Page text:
I meant to post something on this after the first presidential debate, and my recent wargame post reminded me. John McCain’s attempt to school Barack Obama on the meaning of “strategy” was incredibly annoying.
Here’s the thing. McCain is absolutely correct in terms of the doctrinal use of the term “tactics” within the US military. E.g. in the wikipedia entry on tactics someone (presumably trained by the US military) has written that tactics involve units no larger than a division. The problem is that the US military is stupid.
Tactics are how. Strategy is why. Strategy is picking goals. Tactics is figuring out how to achieve them.
Petraeus changed our tactics in Iraq. He did it for strategic reasons (our old tactics weren’t working), but that doesn’t make it a strategy. If we gave our troops faulty ammo and switched to giving them good ammo, would that be a change in strategy? Of course not! (It wouldn’t be a tactic either.) Would it have a strategic impact? Of course.
Important note: being really good at tactics doesn’t make General Petraeus less of a man than if he were really good at strategy. For that matter, he may be really good at strategy, I don’t know. He probably is. He’s certainly good enough at strategy to recognize when a strategic goal isn’t being served by current tactics. Tactics aren’t “less important” than strategy. Executing well is great; executing the right thing is even better.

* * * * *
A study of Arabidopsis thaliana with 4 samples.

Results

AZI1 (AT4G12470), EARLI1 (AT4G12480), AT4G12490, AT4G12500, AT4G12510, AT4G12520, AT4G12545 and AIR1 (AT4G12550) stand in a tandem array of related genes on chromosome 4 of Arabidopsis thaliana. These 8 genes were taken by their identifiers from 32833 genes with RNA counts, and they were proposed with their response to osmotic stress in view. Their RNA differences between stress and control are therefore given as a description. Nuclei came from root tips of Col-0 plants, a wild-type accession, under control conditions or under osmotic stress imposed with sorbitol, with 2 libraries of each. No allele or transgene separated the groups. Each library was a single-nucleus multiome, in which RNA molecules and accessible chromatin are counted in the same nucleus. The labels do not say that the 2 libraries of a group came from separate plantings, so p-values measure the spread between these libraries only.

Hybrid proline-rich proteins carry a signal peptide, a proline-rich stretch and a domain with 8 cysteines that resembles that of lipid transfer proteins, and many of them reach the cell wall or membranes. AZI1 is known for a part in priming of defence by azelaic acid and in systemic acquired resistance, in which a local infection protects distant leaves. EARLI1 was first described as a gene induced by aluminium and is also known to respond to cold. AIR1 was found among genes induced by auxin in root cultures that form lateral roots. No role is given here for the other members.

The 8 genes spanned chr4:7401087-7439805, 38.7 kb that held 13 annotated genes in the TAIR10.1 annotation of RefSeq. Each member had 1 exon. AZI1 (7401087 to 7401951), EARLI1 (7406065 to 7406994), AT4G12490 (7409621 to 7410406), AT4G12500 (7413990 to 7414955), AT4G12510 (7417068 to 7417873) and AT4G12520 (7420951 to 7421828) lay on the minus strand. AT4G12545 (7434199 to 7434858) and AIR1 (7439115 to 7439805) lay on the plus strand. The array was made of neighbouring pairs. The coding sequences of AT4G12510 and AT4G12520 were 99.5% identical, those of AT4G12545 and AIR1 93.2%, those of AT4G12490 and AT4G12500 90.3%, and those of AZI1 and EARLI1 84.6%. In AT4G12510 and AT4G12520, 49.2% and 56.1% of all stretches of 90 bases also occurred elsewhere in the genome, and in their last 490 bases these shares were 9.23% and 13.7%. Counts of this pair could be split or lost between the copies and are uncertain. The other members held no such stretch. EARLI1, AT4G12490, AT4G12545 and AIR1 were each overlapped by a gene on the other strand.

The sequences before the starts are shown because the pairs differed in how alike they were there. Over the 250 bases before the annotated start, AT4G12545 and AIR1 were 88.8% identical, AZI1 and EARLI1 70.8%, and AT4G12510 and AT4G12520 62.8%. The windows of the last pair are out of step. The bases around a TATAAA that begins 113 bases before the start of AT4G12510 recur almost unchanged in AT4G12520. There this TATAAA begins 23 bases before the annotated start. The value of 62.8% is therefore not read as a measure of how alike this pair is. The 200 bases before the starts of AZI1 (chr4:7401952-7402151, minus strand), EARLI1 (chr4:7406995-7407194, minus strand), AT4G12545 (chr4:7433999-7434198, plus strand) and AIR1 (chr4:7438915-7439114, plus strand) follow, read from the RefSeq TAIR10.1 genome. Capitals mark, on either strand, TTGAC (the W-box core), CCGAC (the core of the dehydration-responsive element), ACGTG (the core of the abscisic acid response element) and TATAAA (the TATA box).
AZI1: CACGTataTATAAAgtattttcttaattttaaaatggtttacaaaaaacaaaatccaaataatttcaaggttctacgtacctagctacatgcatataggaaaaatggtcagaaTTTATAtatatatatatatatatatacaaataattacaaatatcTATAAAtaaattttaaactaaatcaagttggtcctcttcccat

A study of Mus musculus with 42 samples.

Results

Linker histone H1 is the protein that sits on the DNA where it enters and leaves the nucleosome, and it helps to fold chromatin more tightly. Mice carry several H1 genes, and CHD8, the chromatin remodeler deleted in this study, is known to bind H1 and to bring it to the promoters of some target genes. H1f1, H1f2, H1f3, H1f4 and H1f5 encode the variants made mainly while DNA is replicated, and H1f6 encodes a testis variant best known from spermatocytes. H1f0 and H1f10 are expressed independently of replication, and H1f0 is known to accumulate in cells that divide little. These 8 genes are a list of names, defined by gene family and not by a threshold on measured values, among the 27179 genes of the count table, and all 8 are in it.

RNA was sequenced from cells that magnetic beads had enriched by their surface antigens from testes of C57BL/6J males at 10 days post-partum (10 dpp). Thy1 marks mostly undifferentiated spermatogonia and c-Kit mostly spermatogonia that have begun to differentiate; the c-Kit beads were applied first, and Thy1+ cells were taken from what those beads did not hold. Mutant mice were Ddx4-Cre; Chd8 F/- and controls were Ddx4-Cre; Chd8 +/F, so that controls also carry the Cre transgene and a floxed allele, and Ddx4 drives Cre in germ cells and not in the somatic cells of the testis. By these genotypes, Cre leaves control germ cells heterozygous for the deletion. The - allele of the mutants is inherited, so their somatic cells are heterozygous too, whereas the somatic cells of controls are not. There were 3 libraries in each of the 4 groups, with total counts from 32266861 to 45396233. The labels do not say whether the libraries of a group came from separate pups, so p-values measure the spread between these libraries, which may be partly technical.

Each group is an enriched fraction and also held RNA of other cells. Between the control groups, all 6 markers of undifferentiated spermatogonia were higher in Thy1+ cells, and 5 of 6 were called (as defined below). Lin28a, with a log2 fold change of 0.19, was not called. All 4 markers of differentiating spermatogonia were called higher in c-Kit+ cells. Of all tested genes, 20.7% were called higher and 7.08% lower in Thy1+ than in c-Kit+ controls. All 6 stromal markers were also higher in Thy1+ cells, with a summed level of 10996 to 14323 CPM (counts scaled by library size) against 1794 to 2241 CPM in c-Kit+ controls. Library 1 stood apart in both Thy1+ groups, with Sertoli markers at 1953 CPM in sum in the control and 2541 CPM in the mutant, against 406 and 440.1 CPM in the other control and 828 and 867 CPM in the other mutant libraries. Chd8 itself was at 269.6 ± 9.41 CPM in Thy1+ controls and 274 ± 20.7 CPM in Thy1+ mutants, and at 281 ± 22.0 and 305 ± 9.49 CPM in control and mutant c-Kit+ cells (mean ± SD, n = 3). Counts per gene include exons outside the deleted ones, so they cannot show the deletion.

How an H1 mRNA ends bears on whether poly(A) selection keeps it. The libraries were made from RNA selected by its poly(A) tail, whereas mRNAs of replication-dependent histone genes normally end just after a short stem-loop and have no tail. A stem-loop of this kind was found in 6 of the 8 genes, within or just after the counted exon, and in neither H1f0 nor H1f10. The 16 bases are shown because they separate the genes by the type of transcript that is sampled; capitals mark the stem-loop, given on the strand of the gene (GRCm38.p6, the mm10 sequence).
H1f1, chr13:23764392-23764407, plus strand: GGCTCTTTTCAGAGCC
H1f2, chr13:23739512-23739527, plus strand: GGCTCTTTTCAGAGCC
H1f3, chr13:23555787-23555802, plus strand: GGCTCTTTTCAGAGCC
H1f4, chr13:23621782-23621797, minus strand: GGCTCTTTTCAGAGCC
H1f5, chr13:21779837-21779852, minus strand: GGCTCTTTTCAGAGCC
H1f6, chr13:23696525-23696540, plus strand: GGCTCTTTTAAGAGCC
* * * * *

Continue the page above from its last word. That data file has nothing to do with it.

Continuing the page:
There’s no evidence to suggest that McCain is any good at strategy or tactics. He seems to think that the US could have won the Vietnam War. He certainly seems to have sucked as a pilot (crashing twice and nearly a third time in training, and being shot down by the Vietnamese who were at a huge technological disadvantage).
Our strategy in Iraq did not change (or did not change much). We’d already given up on turning Iraq into a western-style democracy — a beacon of hope for the yearning masses in the Middle East, and we’d simply decided to settle for a not-obviously-failed state. That was a huge strategic change (really just a recognition of the unattainability of our earlier goal), but nothing to do with The Surge. The one way in which The Surge was a strategy and not a tactic (creating a bit of breathing space for the government to congeal) it was a spectacular failure — the breathing space was created (the tactics worked) and nothing happened (strategic assumptions incorrect). Again, the strategic goal (leaving Iraq a non-obviously-failed state) hadn’t changed, merely the means of achieving it (reducing violence for a bit). So, calling even this aspect of The Surge a strategy is stretching it.
Unless you’re using a boneheaded definition such as “tactics is anything you do with a small number of soldiers”.